The last sentence is the most poignant.
02/10/2008 07:39 PM | By Gordon Rayner and Duncan Gardham, The Telegraph Group Limited, London
London: The extent to which Sharia law already operates in Britain was causing concern yesterday after it emerged at least 10 Islamic “courts” are sitting across the country.
The existence of the courts, in towns and cities including London and Birmingham, heightened anxiety following the Archbishop of Canterbury’s remarks that the introduction of some elements of Islamic law was “unavoidable”.
The majority of cases heard in the courts involve divorce or financial disputes, but one reported case involved a gang of Somali youths who were allowed to go free after paying compensation to a teenager they had stabbed.
Extremists were said to have used the spread of Sharia courts to justify calls for Islamic law to be adopted “wholesale” for Muslims living in Britain.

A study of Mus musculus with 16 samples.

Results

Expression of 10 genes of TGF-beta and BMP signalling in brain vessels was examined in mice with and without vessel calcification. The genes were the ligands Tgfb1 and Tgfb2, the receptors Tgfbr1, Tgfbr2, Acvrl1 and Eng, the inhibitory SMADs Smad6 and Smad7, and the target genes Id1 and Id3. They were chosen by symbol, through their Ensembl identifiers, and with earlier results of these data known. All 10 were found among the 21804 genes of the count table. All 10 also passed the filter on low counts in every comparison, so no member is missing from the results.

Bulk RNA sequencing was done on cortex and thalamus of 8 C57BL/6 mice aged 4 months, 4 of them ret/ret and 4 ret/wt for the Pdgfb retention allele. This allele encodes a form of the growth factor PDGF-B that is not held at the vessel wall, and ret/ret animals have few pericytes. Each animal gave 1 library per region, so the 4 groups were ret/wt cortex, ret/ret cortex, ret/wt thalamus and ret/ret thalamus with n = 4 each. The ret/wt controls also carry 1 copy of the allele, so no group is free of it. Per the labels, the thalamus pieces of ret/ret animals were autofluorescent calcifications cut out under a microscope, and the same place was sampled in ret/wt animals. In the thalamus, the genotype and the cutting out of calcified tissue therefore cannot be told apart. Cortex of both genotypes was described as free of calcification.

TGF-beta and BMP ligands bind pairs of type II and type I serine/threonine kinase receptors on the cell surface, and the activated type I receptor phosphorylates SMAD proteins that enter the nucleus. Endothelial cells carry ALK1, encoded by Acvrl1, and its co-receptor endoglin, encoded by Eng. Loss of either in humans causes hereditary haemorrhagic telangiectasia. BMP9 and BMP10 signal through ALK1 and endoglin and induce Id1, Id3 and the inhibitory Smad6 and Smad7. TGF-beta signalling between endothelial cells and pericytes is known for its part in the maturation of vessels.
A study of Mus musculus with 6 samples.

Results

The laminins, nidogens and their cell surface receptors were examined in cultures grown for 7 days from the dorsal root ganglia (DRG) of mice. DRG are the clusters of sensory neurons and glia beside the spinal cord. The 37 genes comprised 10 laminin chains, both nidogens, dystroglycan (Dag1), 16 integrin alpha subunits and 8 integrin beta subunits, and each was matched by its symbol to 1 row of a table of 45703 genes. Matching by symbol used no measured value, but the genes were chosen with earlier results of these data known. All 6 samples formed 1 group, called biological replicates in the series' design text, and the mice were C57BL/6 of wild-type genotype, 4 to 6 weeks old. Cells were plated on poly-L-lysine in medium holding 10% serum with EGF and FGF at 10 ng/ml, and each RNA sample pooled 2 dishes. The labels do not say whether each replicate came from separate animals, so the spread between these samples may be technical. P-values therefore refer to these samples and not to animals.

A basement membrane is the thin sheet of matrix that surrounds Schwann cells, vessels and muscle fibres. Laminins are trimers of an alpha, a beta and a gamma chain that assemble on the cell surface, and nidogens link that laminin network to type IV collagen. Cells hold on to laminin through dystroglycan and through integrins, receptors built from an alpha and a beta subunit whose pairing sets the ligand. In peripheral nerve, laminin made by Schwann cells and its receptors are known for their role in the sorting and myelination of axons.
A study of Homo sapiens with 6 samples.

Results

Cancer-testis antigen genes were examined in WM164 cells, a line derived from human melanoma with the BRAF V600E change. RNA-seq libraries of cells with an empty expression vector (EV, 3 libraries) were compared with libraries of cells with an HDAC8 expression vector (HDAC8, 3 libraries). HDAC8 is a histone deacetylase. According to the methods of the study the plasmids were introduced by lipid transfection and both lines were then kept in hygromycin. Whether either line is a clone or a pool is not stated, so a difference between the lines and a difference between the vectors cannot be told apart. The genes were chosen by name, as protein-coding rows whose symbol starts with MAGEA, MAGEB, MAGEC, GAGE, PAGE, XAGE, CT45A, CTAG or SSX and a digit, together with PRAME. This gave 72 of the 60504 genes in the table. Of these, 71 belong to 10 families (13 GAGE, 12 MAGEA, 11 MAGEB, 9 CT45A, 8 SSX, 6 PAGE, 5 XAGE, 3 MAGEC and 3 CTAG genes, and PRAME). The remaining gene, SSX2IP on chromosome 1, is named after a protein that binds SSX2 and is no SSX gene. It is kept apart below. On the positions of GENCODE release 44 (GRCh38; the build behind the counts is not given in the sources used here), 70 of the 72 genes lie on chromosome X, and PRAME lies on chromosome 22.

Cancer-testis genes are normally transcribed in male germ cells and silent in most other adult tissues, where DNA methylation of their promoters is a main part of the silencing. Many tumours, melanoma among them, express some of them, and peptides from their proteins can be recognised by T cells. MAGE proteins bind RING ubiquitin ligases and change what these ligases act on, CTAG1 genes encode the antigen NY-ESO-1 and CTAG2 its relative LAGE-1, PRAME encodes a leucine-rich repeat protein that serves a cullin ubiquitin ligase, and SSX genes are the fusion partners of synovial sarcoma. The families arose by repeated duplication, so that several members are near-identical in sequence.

Anjem Choudary, a solicitor and former senior figure in the banned organisation Al Muhajiroun, said: “Some element of family law or social and economic law will not work. It has to be adopted wholesale. It will not happen tomorrow but it is inevitable because Sharia is superior and better for mankind.”
Despite grave warnings from lawyers about the dangers of a dual legal system, criminal cases are already being dealt with by some of the unofficial courts. In 2006 an Islamic Council sitting in Woolwich, south-east London, heard the case of the Somali gang, who had been accused of stabbing another Somali teenager and were reportedly arrested by the police.
Aydarus Yusuf, a youth worker, told Radio 4’s Law in Action programme the suspects were released on bail after the victim’s family said the matter would be dealt with by the Islamic community. “All their uncles and fathers were there,” said Yusuf.
“So they all put something towards that and apologised for the wrongdoing.” The Metropolitan Police said it was unaware of the case, but admitted that officers sometimes did not proceed with assault cases if the victim decided not to press charges.
Yusuf told the programme he felt more bound by Sharia law than by the laws of his adopted country.